January 29, 2012

dinnerThe Louis Malle-Wallace Shawn-Andre Gregory film My Dinner with Andre was released almost exactly 30 years ago today:  its nationwide release was on January 20, 2012. 

The movie was exciting for many different reasons – it featured splendid acting, remarkable dialogue, gave an introduction to the radical theater theories of Jerzy Grotowski, and showed that there was a fresh, new, direct way to approach film.   Roger Ebert wrote:

Someone asked me the other day if I could name a movie that was entirely devoid of clichés. I thought for a moment, and then answered, My Dinner With Andre. Now I have seen the movie again; a restored print is going into release around the country, and I am impressed once more by how wonderfully odd this movie is, how there is nothing else like it. It should be unwatchable, and yet those who love it return time and again, enchanted.

Ebert focuses on the comic aspects of the film

“They taped their conversations two or three times a week for three months,” Pauline Kael writes, “and then Shawn worked for a year shaping the material into a script, in which they play comic distillations of aspects of themselves.’” Comic? Yes. Although the conversation is often despairing (Gregory speculates that the 1960s were “the last burst of the human being before he was extinguished”), the material is given a slight sly rotation toward the satirical. There is a lot to think about in the torrent of ideas, but also a saving humor. Gregory plays a man besotted by the ideas of the new age; he almost glows when he tells Shawn about an agricultural commune in Britain where instead of using insecticides, “they will talk to the insects, make an agreement, set aside one vegetable patch just for the insects.”

In an interview, Ayad Akhtar credits My Dinner with Andre and Akhtar’s subsequent studies with Andre Gregory and Jerzy Grotowski with defining much of his life (read the full interview here):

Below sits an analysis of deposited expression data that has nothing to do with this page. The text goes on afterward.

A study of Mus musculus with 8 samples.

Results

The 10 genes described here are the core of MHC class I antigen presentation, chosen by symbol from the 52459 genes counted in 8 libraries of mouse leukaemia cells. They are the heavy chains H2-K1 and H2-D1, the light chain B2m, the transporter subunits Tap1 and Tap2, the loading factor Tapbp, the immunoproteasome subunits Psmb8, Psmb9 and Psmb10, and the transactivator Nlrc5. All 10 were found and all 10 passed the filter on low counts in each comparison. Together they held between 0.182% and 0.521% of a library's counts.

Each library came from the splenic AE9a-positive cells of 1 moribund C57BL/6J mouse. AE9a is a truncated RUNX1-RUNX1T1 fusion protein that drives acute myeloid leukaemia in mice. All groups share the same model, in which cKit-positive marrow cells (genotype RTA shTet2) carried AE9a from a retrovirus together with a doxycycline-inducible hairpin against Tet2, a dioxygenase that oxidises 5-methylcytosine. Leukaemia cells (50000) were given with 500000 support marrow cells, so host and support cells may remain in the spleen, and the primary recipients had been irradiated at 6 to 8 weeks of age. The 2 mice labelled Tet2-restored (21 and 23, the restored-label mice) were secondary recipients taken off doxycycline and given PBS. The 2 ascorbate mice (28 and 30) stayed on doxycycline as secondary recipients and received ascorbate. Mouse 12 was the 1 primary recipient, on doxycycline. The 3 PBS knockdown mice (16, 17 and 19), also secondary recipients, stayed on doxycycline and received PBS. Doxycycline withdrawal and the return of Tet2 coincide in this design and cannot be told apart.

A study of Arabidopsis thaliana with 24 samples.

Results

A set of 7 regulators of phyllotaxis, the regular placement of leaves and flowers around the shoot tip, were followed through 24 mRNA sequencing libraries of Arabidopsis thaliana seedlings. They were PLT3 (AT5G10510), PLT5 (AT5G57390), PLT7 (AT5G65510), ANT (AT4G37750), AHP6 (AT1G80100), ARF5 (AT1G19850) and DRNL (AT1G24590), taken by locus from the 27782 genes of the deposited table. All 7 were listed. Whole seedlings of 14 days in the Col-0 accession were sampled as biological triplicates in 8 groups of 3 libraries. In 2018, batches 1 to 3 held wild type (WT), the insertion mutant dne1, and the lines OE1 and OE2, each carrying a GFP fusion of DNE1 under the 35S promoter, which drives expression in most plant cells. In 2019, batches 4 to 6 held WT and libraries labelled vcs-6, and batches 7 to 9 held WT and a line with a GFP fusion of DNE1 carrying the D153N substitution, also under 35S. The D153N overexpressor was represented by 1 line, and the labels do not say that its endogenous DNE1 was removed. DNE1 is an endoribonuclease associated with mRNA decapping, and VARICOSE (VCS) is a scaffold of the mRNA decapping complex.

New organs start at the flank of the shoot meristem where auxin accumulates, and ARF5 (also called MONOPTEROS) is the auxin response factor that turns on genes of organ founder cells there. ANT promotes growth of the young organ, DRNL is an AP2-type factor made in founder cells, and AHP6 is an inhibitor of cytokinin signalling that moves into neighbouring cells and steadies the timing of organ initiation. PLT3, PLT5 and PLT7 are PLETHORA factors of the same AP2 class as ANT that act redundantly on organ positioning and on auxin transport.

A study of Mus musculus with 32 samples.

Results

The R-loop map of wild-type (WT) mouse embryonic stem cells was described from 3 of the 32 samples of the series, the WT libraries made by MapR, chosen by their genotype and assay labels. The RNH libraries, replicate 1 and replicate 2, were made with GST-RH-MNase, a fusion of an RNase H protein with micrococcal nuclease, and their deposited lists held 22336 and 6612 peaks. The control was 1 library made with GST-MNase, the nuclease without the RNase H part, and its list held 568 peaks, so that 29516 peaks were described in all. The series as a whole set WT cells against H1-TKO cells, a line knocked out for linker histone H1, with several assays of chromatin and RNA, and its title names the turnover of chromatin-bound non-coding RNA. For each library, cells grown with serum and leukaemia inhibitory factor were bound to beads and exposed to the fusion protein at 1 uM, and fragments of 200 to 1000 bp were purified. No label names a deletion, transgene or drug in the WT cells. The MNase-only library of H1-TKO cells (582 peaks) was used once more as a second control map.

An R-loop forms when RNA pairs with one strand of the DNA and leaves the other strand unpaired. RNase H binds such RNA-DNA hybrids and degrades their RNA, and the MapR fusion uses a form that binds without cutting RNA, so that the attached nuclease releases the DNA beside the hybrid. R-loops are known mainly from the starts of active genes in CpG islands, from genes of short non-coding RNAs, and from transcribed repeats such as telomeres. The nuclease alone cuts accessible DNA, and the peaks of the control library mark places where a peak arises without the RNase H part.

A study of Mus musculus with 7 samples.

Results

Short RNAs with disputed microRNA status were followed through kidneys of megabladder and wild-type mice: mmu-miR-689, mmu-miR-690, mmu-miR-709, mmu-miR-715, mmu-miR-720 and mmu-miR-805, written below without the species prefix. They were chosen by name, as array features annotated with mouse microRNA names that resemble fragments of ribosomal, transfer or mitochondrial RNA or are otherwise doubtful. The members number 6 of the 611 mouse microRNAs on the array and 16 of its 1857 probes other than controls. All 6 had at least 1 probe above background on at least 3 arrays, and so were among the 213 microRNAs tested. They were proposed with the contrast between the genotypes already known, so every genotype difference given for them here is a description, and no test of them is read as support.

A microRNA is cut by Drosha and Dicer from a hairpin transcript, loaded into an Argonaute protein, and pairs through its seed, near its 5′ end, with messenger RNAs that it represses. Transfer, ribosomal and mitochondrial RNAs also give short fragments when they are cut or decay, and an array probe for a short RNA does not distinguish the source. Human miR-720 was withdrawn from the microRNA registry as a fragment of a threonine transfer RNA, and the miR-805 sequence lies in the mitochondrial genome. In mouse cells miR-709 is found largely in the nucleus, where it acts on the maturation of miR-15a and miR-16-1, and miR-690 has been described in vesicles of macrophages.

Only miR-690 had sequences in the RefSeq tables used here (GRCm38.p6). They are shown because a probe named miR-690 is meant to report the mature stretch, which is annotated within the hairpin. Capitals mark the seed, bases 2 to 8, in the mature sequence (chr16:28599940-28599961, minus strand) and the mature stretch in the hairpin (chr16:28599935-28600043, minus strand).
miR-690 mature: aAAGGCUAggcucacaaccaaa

I got particularly fascinated with Andre after My Dinner with Andre because of that question of authenticity. You know, the central conceit of My Dinner with Andre is that this very successful theater director drops out of life and goes on a quest to discover who he really is and how to live authentically, and in the process, you know, studies with this famous, mysterious, Polish figure, director, Jerzy Grotowski, in a Polish forest and has these amazing experiences. And I think that – well, I don’t think. I know that watching that movie gave me a fascination for the figure of Grotowski. And I began to study Grotowski in college, you know, writing research papers about him and trying to understand what it was that he was getting at. And as I understand it – or as I understood it before going to work with him – it had to do with the search for how to be true. It’s a question that actors have to ask on stage. You have to feel real in order to convince anybody else that you’re real.

My Dinner with Andre is ultimately a film about ideas.  Hollywood doesn’t usually do so well with films about ideas; complicated theories simply do not translate well to the film.  However, there are exceptions, such as Bennett Miller-Brad Bitt-Jonah Hill film MoneyballMoneyball dramatizes sabermetrics, and is as close as anyone has gotten to making a film illustrating the theories of Bill James.  It might have seemed inconceivable before the film that one could make a compelling movie about statistical theories in baseball, but Moneyball manages to achieve that.

The truth is that movies or audio recordings about ideas can be gripping.  Let me give two examples:

  • SW305Plato’s writings are generally set in the form of a dialogue or script.  We tend to downplay that aspect of their writings even though the dramatic form is often essential to understanding and appreciating them (e.g., The Symposium).  I once gave a good friend of mine heading off on a road trip a CD copy of Bruce Alexander’s abridged reading of Thomas Griffth’s translation of Plato’s Republic.  He looked at me like I was crazy, but I urged it on him, and he listened to it.  When I next saw him, he was fulsome in praise for CDs – he had not expected them to be so entertaining.
  • The-Lincoln-Douglas-Debates-McConnohie-Michael-9781602834026Most Americans are aware at some level that we should all read the 1858 Douglas-Lincoln debates; but I think that few of us actually do.  Amazingly, the BBC has seen an opportunity here and released a recording of the complete debates (featuring Richard Dreyfuss and David Straithairn).  Not only do they make a credible job of the likely accents and cadences of Douglas and Lincoln, but the recording is actually gripping.  Exactly because Douglas and Lincoln were engaged in passionate back and forth over the course of their debates makes them ripe subjects for presentation in audio format. 
  1. January 29, 2012 5:19 pm

    For fans of Louis Malle, Wallace Shawn, Andre Gregory: I should mention that the other film they collaborated on, Vanya on 42nd Street, is coming out in a Criterion Collection edition on DVD and Blu-ray next month. That would be Malle’s last film.